Every father enjoys standing at an airport waiting for his son to return from the US. And if he actually has a son who is in the US, it will even seem normal. The joy for Purushottam (Khulbhushan Kharbanda) is however short-lived. For, Nikhil (Aftab Shivdasani), his son who's just come to India from the US for a vacation, refuses to marry any girl chosen by him.
Nikhil's uncle Tarani (Manoj Pahwa) gently asks him what the problem is, and if he can help. Nikhil feels totally insulted, and so would you if Tarani gently asked you if he can help you - Tarani is an impotence doctor. Indeed, the only thing worse than being asked by an impotence doctor if he can help you is being told by an impotence doctor that he cannot help you.
Nikhil tells Tarani that he is actually in love with a Muslim Aamna (Aamna Sharif), and the ultra-conservative Purushottam would never accept a Muslim girl as his daughter-in-law. Tarani tells Nikhil that the way to make this look soft to Purushottam is to present something much harder first. Okay, we didn't mean soft and hard that way. We just meant that Tarani was talking of how the way to make a line look short is to draw a much longer line beside that. Okay, we didn't mean long and short that way, either. We were just saying that Tarani's idea was that the way to make Purushottam feel up was to make him feel really down first. Okay, we didn't mean up and down that way... Okay, let's just forget this paragraph.
Anyway, they hatch a plan to enact a customized version of DDLJ in Nikhil's home where they first bring a firang babe and introduce her as Nikhil's love, since Purushottam is still okay with a firang babe as daughter-in-law than a Muslim, with Aamna tagging along and slowly impressing Purushottam by how much more Indian she is than the firang. So they persuade Nikki (Linda Arsenio), an American chick studying in India, to act for a few days as Nikhil's lover.
The spanner in the works however is thrown by Chamadi (Sanjay Mishra), the ultra-suspicious brother-in-law of Purushottam, who lays it on really hard and thick on Nikhil, Nikki and Aamna. Oh crap, we didn't mean hard and thick that way now. We just meant that he constantly makes things difficult for them by hanging around like a sniffer dog and listening to all the private parts of their conversation. Wait, we didn't... forget it.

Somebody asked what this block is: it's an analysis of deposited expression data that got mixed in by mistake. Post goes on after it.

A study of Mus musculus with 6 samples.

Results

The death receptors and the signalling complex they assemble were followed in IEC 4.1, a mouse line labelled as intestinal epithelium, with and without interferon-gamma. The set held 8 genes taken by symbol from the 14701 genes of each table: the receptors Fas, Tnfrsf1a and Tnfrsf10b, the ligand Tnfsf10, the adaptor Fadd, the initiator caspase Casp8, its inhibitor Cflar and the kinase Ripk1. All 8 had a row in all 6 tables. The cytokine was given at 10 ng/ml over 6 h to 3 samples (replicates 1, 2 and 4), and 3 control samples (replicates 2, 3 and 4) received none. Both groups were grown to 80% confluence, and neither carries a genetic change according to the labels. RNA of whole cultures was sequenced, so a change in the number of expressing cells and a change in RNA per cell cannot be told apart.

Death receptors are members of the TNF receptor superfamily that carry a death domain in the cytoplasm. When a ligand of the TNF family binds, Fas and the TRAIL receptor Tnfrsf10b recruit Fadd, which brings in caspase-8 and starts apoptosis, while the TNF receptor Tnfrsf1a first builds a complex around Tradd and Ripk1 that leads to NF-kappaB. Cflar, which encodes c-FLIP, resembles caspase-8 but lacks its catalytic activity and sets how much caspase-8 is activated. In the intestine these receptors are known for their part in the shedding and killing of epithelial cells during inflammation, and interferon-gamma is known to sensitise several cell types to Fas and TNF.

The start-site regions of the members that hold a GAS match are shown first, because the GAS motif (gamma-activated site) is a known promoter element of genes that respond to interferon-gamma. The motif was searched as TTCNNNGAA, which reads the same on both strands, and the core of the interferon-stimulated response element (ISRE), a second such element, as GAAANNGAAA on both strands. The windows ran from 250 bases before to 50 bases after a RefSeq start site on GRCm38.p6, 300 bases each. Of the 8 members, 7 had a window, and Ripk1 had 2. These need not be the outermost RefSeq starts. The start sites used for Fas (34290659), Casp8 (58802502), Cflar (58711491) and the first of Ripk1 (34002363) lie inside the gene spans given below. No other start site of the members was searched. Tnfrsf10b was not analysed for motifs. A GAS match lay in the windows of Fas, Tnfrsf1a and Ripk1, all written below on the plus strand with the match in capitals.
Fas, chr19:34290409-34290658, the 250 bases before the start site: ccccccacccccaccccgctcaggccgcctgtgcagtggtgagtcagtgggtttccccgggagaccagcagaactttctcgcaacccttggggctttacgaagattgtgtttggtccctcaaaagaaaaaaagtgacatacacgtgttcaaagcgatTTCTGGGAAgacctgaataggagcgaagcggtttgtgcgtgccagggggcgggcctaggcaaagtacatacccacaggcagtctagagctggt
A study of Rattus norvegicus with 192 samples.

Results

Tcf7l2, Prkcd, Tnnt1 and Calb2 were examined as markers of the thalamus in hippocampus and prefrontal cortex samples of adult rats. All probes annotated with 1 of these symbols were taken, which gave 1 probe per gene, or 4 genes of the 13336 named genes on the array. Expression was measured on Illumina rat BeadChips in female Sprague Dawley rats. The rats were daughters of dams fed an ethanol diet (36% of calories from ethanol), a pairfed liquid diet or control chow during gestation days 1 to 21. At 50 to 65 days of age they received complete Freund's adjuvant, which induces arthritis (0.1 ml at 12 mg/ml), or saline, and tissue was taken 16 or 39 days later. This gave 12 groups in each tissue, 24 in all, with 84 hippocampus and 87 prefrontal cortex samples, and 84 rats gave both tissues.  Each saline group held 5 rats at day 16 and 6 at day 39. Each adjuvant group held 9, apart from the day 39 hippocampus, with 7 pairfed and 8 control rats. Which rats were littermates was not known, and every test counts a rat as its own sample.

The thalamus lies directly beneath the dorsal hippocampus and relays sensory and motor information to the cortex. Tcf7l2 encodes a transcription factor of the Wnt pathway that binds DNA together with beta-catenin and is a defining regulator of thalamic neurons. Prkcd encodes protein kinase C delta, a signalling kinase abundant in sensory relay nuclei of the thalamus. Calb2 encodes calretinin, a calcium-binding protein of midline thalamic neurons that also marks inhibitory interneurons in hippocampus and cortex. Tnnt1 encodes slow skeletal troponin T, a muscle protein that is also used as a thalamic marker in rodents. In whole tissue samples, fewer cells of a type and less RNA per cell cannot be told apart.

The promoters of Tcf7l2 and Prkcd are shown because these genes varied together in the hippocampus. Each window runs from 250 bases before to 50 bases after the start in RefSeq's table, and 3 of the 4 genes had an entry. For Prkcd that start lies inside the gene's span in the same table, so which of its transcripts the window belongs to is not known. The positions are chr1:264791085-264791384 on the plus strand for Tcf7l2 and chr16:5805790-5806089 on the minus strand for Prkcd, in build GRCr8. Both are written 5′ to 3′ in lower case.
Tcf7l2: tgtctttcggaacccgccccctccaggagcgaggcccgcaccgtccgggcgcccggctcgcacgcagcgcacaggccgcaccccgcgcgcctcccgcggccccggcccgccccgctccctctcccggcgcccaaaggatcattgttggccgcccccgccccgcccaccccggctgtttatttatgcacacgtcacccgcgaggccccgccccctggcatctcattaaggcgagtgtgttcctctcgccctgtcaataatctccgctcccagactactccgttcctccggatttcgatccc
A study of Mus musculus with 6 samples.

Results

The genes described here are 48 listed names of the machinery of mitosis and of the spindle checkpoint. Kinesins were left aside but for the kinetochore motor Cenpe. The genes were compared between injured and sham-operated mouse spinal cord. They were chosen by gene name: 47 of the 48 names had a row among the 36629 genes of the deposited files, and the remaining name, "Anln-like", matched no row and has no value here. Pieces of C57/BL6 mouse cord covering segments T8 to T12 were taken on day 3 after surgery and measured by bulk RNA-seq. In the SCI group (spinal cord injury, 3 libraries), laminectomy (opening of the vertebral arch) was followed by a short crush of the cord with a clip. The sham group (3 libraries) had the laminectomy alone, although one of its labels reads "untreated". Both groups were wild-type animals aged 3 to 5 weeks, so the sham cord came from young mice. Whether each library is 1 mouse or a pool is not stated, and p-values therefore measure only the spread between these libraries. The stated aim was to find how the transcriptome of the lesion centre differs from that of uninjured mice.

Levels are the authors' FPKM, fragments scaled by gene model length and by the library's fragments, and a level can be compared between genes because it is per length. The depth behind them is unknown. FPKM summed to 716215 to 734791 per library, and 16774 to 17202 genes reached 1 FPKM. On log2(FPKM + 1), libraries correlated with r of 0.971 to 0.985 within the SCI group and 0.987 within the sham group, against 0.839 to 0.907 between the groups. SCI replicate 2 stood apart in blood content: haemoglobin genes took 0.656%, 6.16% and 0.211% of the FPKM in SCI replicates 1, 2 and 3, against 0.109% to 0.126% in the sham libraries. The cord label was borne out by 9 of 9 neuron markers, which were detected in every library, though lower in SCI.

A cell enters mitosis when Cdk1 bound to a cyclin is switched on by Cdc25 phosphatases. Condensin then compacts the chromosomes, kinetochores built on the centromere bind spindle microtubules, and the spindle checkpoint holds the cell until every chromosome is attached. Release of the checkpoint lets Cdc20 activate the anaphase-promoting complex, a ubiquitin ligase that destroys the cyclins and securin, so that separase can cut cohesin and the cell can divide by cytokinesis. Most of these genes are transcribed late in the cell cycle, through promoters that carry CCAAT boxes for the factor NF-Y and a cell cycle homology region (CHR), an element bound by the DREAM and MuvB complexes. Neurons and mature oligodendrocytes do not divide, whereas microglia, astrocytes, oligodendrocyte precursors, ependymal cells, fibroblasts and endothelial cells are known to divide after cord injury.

Anyway, their plan seems to be working, but the marriage, which was supposed to take place in 15 days, giving them enough time to change Purushottam's mind, is suddenly preponed to just 4 days later. Panic sets in, and the climax has things truly spurting out of control when 3 mothers of Nikki turn up. And let's keep the climax and spurting in context for once.
Aloo Chaat is a reasonably pointless movie, but one that can keep you occupied for a while if you are not getting any. Things to occupy you, we mean. An innovative plot, even if it could have been handled better, keeps the interest alive most of the time, and there are gags here and there that make you giggle and occasionally even ruffle the hair of the person sitting in the row ahead in appreciation. A scene where Aamna, Nikhil and Nikki have to reenact a sequence all over again confusing Chadami has you particularly chortling irremediably.
The performances are generally okay, though Sanjay Mishra stands out now and then. There isn't much by way of songs, which are a-okay. On the whole, this one is tolerable if you are watching it one or fewer times, especially if you are slightly drunk.